Who’s minding the store? What’s next?

By Fr. Michel Mulloy There are two questions I get asked a lot these days. Who is running the diocese? Have we heard anything about a new bishop?
The first one is easy to answer. When a bishop is installed in a new diocese as Bishop Robert Gruss was, or if a bishop dies, the College of Consultors are required to meet and select an administrator to run the diocese until a new bishop is ordained or installed. A bishop who has been transferred to a new diocese can request that another bishop be named administrator if there are special circumstances that warrant that choice. In our diocese the administrator was chosen from the priests working in the diocese now.
Once the consultors met, the name of the priest they selected was sent to the apostolic nuncio in Washington D.C. The nuncio is the pope’s representative in America. For us that is Archbishop Christophe Pierre. The nuncio acknowledges the receipt of the name that is put forward and sends it on to Rome. In this instance, I was elected and I am grateful for the trust placed in me by the consultors and priests of the diocese in asking me to be the diocesan administrator.
A diocesan administrator does what a bishop did with some exceptions. An administrator cannot begin anything that has not been previously approved by the former bishop. The administrator cannot ordain or bless the holy oils. Finally, an administrator cannot make any changes in priestly assignments for one full year.
The answer to the second question is a bit more complicated. The Catholic Church divides the world into dioceses. The dioceses are grouped into provinces for governance purposes. Every province has an archbishop. For us, our province consists of the dioceses in the Dakotas and Minnesota. Our archbishop is in St. Paul/Minneapolis. Each year, bishops in the province are asked to submit names and qualifications of priests in their diocese who would be potential bishops. These names are collected and shared with all the province bishops. At the annual meeting they vote on which names should be sent the nuncio.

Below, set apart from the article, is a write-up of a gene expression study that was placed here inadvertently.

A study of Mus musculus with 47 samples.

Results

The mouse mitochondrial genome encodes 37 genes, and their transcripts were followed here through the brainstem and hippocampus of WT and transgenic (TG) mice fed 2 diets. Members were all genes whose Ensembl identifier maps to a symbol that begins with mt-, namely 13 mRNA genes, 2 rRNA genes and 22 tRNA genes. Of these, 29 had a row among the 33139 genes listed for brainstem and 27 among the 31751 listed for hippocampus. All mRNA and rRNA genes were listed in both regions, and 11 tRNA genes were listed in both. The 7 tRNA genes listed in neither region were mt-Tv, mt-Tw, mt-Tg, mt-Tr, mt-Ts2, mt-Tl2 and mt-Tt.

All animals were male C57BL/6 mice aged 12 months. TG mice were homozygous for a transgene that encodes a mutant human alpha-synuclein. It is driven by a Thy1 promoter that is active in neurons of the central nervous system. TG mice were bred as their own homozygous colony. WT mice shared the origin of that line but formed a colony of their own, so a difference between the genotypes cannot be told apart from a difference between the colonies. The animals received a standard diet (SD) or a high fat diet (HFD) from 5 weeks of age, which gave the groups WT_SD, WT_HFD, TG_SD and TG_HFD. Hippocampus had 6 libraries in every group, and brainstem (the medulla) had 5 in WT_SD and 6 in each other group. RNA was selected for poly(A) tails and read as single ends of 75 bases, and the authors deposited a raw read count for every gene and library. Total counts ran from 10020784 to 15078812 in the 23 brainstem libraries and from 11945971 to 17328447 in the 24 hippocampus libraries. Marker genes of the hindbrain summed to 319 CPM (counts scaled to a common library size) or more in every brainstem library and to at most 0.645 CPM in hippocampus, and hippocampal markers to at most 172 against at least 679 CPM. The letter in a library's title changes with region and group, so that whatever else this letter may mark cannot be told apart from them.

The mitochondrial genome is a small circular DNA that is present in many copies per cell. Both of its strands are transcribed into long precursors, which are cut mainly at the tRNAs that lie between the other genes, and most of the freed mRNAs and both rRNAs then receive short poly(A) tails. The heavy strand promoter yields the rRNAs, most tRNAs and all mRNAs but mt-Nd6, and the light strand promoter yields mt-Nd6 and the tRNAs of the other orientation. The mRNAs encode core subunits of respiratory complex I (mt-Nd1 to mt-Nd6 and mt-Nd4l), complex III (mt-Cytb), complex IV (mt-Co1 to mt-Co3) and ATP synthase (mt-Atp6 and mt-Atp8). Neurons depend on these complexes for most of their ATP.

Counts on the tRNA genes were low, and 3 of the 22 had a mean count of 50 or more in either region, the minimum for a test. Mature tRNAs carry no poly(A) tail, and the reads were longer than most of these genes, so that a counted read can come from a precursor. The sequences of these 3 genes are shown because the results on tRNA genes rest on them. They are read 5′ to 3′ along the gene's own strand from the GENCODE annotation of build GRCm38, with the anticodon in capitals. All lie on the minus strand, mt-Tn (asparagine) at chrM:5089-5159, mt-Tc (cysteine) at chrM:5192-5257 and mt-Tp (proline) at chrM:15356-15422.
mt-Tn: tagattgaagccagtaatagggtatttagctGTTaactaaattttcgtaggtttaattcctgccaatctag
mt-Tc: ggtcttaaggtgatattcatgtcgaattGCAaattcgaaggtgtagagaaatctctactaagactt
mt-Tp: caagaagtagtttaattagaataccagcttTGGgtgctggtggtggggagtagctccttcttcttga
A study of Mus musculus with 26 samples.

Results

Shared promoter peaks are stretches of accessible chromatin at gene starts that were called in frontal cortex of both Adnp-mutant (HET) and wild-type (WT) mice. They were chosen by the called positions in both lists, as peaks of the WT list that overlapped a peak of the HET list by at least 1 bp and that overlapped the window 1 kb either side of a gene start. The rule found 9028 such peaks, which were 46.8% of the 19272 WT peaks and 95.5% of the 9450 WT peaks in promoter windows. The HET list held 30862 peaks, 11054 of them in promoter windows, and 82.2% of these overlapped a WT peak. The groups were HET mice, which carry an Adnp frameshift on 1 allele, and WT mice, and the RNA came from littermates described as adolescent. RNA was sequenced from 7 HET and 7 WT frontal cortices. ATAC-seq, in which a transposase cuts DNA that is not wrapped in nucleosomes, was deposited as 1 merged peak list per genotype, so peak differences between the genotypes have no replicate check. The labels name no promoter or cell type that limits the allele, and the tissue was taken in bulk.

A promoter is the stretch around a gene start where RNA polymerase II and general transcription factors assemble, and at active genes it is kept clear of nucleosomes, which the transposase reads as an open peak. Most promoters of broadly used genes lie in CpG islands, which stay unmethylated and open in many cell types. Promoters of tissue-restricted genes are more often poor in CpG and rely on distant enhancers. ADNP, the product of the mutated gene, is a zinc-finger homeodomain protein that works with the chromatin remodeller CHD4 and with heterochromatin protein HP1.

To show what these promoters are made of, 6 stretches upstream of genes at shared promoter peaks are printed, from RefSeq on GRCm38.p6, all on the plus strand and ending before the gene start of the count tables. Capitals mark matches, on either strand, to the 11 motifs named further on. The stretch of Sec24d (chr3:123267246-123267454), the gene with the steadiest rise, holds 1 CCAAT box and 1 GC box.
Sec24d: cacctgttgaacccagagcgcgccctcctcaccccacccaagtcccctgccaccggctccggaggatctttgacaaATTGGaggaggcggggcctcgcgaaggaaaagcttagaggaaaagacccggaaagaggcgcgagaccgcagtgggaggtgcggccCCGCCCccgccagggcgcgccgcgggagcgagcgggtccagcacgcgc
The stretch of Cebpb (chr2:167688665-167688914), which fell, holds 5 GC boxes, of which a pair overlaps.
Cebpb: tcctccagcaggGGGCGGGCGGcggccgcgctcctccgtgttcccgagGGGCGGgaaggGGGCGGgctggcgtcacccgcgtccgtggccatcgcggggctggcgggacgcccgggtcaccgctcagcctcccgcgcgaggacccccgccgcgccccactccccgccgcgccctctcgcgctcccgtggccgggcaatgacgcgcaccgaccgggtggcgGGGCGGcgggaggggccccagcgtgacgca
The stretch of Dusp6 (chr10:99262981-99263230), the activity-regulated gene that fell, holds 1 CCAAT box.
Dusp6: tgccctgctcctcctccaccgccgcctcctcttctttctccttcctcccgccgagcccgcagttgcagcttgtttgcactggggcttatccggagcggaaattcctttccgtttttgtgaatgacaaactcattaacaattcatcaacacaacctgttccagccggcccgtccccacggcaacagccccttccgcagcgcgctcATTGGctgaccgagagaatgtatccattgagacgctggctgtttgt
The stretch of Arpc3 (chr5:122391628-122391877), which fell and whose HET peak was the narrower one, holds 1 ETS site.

After receiving this list of names, the nuncio conducts his own investigation regarding the suitability of each candidate on the list. In addition, when a diocese is without a bishop, the nuncio investigates the situation and needs of that diocese. The broad consultation includes former bishops of the diocese that is vacant, key diocesan personnel and bishops from the province and the country. This takes some time to complete. Once the situation and needs of the diocese are understood, the nuncio will narrow the list of candidates from those he has received from the province or elsewhere in the country. Another round of consultation will happen concerning each of the proposed candidates on the nuncio’s short list. All this material is collected and reviewed by the nuncio who interprets the information. He prepares a list of three names ranked by preference and sends that list to the Congregation for Bishops in Rome.
The Congregation for Bishops in Rome reviews the paperwork to ensure it is in good order. A full report is made to the members of the congregation who meet twice a month. The congregation discusses the appointment and votes. They may follow the recommendation of the nuncio, choose another candidate not on the nuncio’s list or even ask for a new list of names.
Once the three names have been approved by the Congregation for Bishops, the prefect of the Congregation presents the recommendations to the Holy Father. The Holy Father reflects on their recommendations and informs the Congregation of his decision. After the Holy Father has selected a candidate, the Congregation notifies the nuncio in America who in turn contacts the candidate and asks if he is willing to accept the appointment. The candidate can say yes or no to the request to be ordained a bishop.
This process can often take six to eight months or sometimes longer from the time the diocese becomes vacant until a new bishop is appointed. Once the candidate accepts the appointment, he has three months to be ordained a bishop and take possession of his new diocese.
So the short answer to the second question is no, we have not heard anything about a new bishop. We probably won’t for six to eight months or longer. Please pray the “Prayer for a New Bishop” that your pastors distributed. Pray too for those of us who are charged with keeping the diocese afloat in this transition.